Deciding between in-house or hosted email options is one of the most important decisions a business can make.
Email forms the heart of how most people communicate today and nowhere is this more apparent than in the workplace. The broad availability and adoption of broadband has meant email has quickly risen to overtake both the traditional telephone and the more technological fax machine as the primary form of day-to day (and legally binding) business communication.
So with the advent of email, how important is it to have full control? With so much communication taking place in a stored data form, companies have to pay extra careful attention to data protection and storage laws.
This is in addition to any industry-specific guidelines on information management best practice that any business needs to follow, as well as the duty of care it must uphold to the people who have supplied data in email form – such as customers, suppliers and staff – to ensure that inbound, outbound and stored email is kept safe and secure.
Companies also need to pay close attention to the problems created by spam and other unwanted and unsolicited email traffic. Despite many successful law enforcement crackdowns on notorious email spam senders, spam traffic continues to consume bandwidth and storage, with some 40 billion spam messages currently being dispatched daily.
Ensuring email remains safe, secure and reliable is essential. There are a number of different approaches that you can take to achieve it, whether you want to place the security resource on-site within the confines of the business network, or move security off-site completely – perhaps along with the rest of your email infrastructure – into the Cloud.
Cloud-based email security – such as that provided by GFI MailEssentials – works as a buffer between the mail server and the wider Internet. All inbound and outbound email is received at the security service before being passed to the mail server.
This happens whether that server is also in the same Cloud, a different Cloud, or even back on the premises. Doing this ensures that the content is virus-free and confirms with content policy before it is released for sending or for downloading to a client PC.
This buffer approach delivers a range of end user and IT department benefits:
- Inbound and outbound virus scanning – all email traffic passes through the cloud product, ensuring that malware is stripped from messages before they reach the client computer in either direction.
- Spam filtering before the point of reception – spam and blacklisted content can be intercepted and retained off-site before it ever reaches the mail server, let alone the client.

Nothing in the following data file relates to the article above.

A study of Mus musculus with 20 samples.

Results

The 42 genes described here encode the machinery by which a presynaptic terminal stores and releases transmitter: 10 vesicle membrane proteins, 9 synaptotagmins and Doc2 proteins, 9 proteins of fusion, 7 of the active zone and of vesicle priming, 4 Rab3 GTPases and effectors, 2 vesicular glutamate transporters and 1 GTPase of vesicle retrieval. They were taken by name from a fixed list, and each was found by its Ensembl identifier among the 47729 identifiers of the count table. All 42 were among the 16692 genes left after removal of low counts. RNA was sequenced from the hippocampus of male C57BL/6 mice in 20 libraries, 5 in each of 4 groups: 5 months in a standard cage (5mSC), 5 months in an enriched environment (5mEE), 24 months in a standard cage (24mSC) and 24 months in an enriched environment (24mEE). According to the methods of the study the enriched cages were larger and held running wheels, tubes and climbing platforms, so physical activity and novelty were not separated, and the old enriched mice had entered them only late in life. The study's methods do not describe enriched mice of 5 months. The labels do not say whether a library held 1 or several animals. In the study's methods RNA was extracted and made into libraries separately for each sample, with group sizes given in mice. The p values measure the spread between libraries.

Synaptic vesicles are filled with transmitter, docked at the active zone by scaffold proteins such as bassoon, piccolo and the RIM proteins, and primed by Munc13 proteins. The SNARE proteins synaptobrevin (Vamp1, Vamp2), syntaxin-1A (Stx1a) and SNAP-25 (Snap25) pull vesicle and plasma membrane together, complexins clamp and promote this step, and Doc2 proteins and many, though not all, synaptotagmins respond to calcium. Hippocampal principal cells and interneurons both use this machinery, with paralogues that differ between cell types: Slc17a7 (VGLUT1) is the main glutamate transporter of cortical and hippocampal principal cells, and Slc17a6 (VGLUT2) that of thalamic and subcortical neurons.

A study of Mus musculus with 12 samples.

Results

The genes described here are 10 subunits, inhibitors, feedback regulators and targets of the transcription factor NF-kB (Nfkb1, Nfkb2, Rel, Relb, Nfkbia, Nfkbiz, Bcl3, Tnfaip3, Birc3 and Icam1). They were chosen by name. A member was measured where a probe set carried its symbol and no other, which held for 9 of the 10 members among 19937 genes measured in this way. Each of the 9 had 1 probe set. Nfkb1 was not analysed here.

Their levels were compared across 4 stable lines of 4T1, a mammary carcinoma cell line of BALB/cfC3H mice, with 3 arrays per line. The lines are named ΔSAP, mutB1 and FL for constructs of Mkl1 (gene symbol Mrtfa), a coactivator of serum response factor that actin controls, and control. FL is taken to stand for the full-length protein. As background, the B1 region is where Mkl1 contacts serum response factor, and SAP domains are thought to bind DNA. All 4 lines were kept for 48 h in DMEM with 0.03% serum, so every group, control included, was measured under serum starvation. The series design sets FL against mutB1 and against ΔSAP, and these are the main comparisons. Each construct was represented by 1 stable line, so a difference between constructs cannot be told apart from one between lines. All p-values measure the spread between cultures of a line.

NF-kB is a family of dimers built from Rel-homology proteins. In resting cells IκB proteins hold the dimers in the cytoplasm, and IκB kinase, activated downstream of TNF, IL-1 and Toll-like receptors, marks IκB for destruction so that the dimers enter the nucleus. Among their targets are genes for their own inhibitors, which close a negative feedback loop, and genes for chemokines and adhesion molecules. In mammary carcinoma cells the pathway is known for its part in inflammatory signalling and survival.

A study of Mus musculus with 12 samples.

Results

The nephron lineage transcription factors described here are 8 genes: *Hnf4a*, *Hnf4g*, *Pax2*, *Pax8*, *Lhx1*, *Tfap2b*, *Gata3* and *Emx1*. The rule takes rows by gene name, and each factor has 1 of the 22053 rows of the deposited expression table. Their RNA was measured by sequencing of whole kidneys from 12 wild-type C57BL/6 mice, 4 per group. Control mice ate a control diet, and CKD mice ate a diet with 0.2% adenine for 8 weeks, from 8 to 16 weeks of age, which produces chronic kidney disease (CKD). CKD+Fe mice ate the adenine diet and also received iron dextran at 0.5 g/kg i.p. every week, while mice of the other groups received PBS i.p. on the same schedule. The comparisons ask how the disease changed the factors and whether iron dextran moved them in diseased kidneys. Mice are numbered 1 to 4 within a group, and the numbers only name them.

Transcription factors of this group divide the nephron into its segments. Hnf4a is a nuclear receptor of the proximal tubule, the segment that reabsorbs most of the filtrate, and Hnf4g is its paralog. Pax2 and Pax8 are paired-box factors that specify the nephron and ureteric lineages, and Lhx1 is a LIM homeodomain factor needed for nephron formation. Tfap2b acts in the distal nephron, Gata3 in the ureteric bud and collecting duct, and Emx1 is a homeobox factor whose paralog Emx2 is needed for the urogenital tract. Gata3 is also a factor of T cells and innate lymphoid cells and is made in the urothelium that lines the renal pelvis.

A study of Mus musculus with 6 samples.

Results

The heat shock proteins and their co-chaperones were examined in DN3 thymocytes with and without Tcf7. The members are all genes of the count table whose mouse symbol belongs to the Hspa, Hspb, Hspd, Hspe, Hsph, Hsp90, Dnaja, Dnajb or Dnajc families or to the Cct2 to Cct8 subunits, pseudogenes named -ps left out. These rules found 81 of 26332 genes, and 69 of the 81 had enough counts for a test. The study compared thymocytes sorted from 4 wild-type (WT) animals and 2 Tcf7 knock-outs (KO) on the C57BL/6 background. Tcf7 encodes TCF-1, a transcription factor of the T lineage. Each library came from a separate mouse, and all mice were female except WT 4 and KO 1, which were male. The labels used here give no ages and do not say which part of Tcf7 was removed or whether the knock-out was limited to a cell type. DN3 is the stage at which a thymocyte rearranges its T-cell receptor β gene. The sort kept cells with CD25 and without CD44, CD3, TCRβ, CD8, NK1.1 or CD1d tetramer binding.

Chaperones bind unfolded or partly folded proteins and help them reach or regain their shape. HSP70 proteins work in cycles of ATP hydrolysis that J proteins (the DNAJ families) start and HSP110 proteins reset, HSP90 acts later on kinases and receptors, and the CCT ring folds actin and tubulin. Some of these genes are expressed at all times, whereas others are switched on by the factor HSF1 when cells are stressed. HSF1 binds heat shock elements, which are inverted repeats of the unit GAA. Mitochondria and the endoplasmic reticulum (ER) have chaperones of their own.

- Centralised maintenance and updates – email security in the cloud benefits from faster deployment of new definition files, system updates, refreshed blacklists and content filters. One update by a solution provider updates all cloud instances.
- Ease of administration – web based consoles make it easy to configure and alter security settings from any location, as well as monitor email traffic and the level of malware being intercepted.
- Point of failover – if the email server fails or has to be taken down for planned maintenance; mail can be queued in the cloud until the mail server is back online.
There are additional benefits to using a Cloud-based service like MailEssentials including both operational and acquisition, such as no financial outlay for physical hardware or maintenance costs, no software licences to buy and capacity can be scaled up or down as the business requires.
Up-front costs are usually low, with many vendors charging preferential rates to set up a Cloud service, while monthly or yearly recurring charges are often on a par with the maintenance and security update costs of an in-house/on-premise solution.
Economies of scale
Cloud services can offer these attractive prices because of economies of scale associated with having shared datacentres and hardware running at full capacity, using virtual images to separate customer instances which comply with data protection and compliance regulations.
They are also an attractive business model for start-ups where a small business with say, fewer than five employers, may not initially want to invest in an email server and email security until the company has established itself.
Using a Cloud-based service allows the company to focus on running the business and leaves the email strategy to third-parties. This can also be a cost-effective option as a business may not be in a position to hire dedicated IT staff.
But it is also suitable for companies in a period of constant growth. These businesses may opt to have the email server hosted in-house for security and compliance purposed but to avoid having to deal with licensing of an email security solution, and the associated maintenance, choose a Cloud-based service which takes care of it all.
The emergence of business-ready Cloud email services has broadened the market and the options and the ways of working that are open to business users, but it is important that an option is chosen because it best fits the business, not because it is the popular format of the moment.
As a partner with GFI, we are offering you a free MailEssentials 30-day trial. Simple to set up, easy to use and with no obligations. Just see how it works. Receive your free trial today.